Great Auk! Replica of extinct bird sells for £25,000
A replica of a bird which became extinct nearly 200 years ago has sold at auction for £25,000.
The great auk, which was hunted to extinction in the mid-19th century for its feathers to make pillows, was the only modern species of the genus Pinguinus.
The flightless black and white bird was found at breeding sites across the North Atlantic coastline and was made subject of conservation laws to try and preserve it.
This replica was made by Rowland Ward Ltd in around 1922 to meet demand from collectors and was usually made from razorbill feathers, though the beaks had to be made from scratch.
It was purchased by Captain Vivian Hewitt, a well-known aviator, ornithologist and conservationist and was part of a collection from the David Wilson Library of Natural History.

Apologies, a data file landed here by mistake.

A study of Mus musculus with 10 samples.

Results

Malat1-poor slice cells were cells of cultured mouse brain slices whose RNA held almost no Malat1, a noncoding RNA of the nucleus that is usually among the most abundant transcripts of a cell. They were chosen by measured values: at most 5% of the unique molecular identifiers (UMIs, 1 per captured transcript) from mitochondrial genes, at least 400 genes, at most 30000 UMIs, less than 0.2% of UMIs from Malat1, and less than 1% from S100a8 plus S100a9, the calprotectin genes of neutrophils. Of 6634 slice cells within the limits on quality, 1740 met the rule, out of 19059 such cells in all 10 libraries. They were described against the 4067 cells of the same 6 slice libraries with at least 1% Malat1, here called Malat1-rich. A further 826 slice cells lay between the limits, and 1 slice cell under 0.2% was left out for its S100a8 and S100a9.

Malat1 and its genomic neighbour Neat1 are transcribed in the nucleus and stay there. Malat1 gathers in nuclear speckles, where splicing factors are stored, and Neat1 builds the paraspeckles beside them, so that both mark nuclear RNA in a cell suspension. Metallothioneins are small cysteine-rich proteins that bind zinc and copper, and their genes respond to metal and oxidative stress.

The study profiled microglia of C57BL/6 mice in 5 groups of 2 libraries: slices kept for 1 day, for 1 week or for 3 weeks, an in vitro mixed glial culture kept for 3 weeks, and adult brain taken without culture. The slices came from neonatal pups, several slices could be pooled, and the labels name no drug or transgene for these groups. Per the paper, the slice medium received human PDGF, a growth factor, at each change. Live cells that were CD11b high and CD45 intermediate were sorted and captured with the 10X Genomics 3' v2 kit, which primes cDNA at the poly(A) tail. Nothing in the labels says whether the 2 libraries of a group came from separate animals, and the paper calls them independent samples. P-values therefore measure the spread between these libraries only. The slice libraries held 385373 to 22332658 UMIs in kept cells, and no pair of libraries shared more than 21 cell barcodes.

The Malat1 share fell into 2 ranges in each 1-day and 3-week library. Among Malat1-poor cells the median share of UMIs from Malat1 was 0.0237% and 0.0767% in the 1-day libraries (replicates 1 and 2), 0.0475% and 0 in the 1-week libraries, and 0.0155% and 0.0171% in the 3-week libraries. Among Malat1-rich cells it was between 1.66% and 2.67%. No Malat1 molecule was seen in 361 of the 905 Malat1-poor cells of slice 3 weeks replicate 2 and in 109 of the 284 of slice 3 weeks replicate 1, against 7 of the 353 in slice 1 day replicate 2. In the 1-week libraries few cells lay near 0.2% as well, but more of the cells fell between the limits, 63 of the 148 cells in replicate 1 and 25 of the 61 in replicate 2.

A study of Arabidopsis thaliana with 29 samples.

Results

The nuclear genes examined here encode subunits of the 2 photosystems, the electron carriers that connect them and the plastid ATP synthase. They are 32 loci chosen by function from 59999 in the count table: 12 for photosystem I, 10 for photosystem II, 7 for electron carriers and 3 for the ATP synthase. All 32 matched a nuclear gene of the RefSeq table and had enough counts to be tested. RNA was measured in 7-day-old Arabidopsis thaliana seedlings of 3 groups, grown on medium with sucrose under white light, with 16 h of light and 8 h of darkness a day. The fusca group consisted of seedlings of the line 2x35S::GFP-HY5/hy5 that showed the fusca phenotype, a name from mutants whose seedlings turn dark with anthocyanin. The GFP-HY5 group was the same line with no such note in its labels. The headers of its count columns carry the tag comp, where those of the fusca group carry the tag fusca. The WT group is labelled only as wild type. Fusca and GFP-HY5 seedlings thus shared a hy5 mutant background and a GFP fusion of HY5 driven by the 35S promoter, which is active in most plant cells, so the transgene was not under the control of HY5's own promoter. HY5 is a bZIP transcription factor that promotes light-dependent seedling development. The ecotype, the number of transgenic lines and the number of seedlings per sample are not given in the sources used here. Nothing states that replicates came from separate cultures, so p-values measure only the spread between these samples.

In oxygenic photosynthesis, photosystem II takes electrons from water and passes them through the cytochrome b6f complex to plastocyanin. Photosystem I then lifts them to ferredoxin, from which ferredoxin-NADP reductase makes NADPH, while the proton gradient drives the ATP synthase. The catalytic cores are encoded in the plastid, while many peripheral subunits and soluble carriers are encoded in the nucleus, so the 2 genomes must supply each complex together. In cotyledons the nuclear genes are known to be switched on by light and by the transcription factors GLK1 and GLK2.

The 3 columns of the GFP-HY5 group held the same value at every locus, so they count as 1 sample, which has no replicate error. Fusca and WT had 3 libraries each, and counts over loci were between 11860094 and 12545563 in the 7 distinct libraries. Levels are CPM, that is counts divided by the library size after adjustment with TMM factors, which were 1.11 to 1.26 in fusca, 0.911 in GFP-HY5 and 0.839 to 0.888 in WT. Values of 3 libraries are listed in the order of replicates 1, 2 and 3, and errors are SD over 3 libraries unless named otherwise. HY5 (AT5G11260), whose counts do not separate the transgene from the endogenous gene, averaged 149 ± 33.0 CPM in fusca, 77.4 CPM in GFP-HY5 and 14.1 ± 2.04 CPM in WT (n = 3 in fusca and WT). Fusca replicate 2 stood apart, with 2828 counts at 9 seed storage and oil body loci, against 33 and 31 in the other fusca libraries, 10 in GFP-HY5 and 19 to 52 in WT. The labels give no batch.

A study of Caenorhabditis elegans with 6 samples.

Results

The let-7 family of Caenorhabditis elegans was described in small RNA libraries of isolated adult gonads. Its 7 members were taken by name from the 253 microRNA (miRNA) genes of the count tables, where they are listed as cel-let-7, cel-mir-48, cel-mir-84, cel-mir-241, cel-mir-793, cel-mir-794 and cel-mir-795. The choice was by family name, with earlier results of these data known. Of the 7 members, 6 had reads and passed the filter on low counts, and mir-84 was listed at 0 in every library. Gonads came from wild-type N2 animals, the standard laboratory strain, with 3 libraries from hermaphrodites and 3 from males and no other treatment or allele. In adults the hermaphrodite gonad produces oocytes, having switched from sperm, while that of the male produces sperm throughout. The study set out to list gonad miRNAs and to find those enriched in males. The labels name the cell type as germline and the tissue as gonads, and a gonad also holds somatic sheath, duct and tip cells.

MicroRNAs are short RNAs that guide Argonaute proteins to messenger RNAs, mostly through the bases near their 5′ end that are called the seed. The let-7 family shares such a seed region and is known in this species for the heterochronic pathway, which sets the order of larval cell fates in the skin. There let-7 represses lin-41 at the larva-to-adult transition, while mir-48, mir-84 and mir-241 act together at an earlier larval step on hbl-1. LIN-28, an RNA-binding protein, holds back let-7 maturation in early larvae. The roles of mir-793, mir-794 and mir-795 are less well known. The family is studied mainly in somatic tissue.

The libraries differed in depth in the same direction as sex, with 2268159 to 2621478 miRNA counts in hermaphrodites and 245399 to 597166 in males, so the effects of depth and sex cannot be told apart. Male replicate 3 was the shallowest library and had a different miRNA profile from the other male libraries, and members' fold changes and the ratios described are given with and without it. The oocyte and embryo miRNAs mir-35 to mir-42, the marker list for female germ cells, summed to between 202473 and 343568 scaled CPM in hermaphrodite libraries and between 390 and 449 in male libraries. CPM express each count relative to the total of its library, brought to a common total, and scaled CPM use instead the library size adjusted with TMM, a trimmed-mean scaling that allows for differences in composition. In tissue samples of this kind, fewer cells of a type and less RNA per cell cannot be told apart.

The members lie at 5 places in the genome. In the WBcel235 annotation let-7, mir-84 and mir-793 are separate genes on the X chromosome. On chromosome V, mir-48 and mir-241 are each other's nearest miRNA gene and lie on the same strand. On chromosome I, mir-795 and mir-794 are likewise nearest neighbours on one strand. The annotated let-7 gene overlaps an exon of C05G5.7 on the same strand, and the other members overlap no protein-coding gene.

The bird was inside a glass case and mounted on sand and faux rocks.
The great auk went under the hammer at Dominic Winter Auctions in South Cerney, Gloucestershire and was expected to fetch between £500 and £800.
Auctioneer Chris Albury said: “This super-fine replica caused a saleroom sensation with a winning phone bid of £25,000.
“I’m sure most of the bidders would rather see a live one rather than pay a lot of money to own a stuffed one.
“I think it has a similar aura to its more famous extinct cousin the dodo.
“Though the beneficiary of early conservation laws these were sadly ineffectual, and the bird became extinct in the mid-19th century
“I privately had high hopes for this and thought it might well get into the thousands but that’s astonishing.
“There were 10 phone lines but they were kept waiting as the internet took it on and well past £10,000 before any of the phones were allowed a look in.”
The great auk was bought by a taxidermy collector in France.